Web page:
A federal judge in December denied the U.S. Environmental Protection Agency’s motion to dismiss a lawsuit that seeks to ban the fluoride additives used in community water fluoridation.
The lawsuit, filed in April by the Fluoridation Action Network along with a coalition of environmental and medical groups, came after the EPA denied in February a petition from the fluoridation opponents that, like the lawsuit, sought a ban on fluoridation additives.
In denying the petition, the EPA said the petitioners had “not set forth a scientifically defensible basis to conclude that any persons have suffered neurotoxic harm as a result of exposure to fluoride in the U.S. through the purposeful addition of fluoridation chemicals to drinking water or otherwise from fluoride exposure in the U.S.”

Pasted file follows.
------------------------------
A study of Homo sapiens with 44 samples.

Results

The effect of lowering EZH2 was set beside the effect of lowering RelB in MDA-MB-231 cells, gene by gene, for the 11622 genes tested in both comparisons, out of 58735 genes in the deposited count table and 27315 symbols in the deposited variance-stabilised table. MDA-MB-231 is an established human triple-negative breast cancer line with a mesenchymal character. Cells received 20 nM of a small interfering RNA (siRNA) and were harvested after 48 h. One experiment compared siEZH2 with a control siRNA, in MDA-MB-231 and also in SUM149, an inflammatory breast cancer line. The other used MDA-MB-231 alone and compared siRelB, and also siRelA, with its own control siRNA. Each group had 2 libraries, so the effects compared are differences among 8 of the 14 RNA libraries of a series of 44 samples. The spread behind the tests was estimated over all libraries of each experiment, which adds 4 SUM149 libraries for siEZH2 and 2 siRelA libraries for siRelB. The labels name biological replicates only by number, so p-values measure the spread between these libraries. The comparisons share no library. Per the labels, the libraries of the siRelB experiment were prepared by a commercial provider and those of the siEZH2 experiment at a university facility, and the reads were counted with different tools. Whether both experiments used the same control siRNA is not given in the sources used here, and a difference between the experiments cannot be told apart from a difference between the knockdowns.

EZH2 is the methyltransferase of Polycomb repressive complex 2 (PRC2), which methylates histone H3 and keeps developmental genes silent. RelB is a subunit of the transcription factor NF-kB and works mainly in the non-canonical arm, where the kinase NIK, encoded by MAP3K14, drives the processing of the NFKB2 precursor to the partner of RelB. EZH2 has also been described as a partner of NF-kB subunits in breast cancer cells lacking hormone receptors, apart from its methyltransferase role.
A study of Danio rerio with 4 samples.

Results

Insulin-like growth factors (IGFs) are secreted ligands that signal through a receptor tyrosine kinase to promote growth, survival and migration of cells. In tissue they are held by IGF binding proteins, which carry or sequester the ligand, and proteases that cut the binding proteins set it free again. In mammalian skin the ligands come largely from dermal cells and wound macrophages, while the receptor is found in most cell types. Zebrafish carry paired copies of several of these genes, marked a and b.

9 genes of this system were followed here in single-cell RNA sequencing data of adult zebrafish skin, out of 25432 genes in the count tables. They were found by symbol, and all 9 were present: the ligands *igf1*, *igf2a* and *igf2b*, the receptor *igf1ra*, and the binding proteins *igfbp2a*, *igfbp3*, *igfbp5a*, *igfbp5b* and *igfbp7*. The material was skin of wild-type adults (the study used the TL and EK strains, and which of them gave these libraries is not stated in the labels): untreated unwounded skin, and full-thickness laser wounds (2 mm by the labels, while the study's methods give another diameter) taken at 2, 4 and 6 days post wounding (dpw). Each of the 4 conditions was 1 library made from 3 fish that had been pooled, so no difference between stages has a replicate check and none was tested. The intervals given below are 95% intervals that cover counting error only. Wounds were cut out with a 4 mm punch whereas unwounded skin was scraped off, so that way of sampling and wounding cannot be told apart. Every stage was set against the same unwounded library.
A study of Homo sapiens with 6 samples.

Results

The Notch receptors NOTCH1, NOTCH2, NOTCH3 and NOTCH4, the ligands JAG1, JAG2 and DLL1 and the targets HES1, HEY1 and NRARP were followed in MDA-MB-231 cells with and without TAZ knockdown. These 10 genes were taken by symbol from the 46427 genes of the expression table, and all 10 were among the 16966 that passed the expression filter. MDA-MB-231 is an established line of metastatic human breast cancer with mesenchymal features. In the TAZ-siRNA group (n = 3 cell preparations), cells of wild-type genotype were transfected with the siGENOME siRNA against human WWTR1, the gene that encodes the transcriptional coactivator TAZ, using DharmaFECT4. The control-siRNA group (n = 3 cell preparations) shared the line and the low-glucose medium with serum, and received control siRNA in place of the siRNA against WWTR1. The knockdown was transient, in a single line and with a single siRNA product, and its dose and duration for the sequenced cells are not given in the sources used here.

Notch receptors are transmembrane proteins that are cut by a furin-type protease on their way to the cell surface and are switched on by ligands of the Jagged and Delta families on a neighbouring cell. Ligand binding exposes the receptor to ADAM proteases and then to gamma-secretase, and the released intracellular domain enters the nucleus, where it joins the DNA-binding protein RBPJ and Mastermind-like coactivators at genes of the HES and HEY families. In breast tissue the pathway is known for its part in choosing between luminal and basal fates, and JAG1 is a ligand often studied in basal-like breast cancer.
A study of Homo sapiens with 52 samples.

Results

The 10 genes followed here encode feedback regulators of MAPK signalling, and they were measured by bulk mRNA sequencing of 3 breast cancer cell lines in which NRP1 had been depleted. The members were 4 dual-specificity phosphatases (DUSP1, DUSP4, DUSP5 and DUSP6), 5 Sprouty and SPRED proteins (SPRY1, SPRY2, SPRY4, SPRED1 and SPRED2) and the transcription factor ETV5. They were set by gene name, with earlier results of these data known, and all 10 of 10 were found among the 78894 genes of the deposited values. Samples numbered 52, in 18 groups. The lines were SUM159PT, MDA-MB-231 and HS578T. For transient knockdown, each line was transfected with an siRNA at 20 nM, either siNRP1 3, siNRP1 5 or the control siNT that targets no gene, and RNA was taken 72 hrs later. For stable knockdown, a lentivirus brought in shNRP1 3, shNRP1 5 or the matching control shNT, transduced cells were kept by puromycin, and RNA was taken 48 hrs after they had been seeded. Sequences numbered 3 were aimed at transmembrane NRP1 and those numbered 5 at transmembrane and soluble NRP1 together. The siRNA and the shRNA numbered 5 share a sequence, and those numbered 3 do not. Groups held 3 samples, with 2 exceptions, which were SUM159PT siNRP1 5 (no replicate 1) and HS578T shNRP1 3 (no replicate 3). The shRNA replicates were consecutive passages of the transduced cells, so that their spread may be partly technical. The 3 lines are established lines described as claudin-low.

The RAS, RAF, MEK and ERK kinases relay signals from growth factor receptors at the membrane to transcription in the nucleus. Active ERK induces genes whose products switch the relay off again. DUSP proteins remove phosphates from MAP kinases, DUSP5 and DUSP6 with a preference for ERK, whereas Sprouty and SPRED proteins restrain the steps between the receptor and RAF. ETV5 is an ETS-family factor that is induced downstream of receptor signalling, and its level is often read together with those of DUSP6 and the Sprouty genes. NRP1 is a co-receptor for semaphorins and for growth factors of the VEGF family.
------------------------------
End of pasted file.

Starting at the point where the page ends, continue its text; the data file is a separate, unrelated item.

The EPA went on to state that the petition “ignores a number of basic data quality issues associated with the human studies associated with the human studies it relies upon.” The EPA also noted that it and other authoritative bodies had previously reviewed many of the studies cited by the petitioners as evidence and found significant limitations in using them to draw conclusions.
Still, on Dec. 21, 2017, a U.S. District Court judge in the Northern District of California, where the lawsuit was filed, denied the EPA’s request to dismiss the lawsuit, allowing it to move forward.
The ADA has long supported community water fluoridation as a safe and effective way to combat tooth decay. For more information, visit ADA.org/fluoride.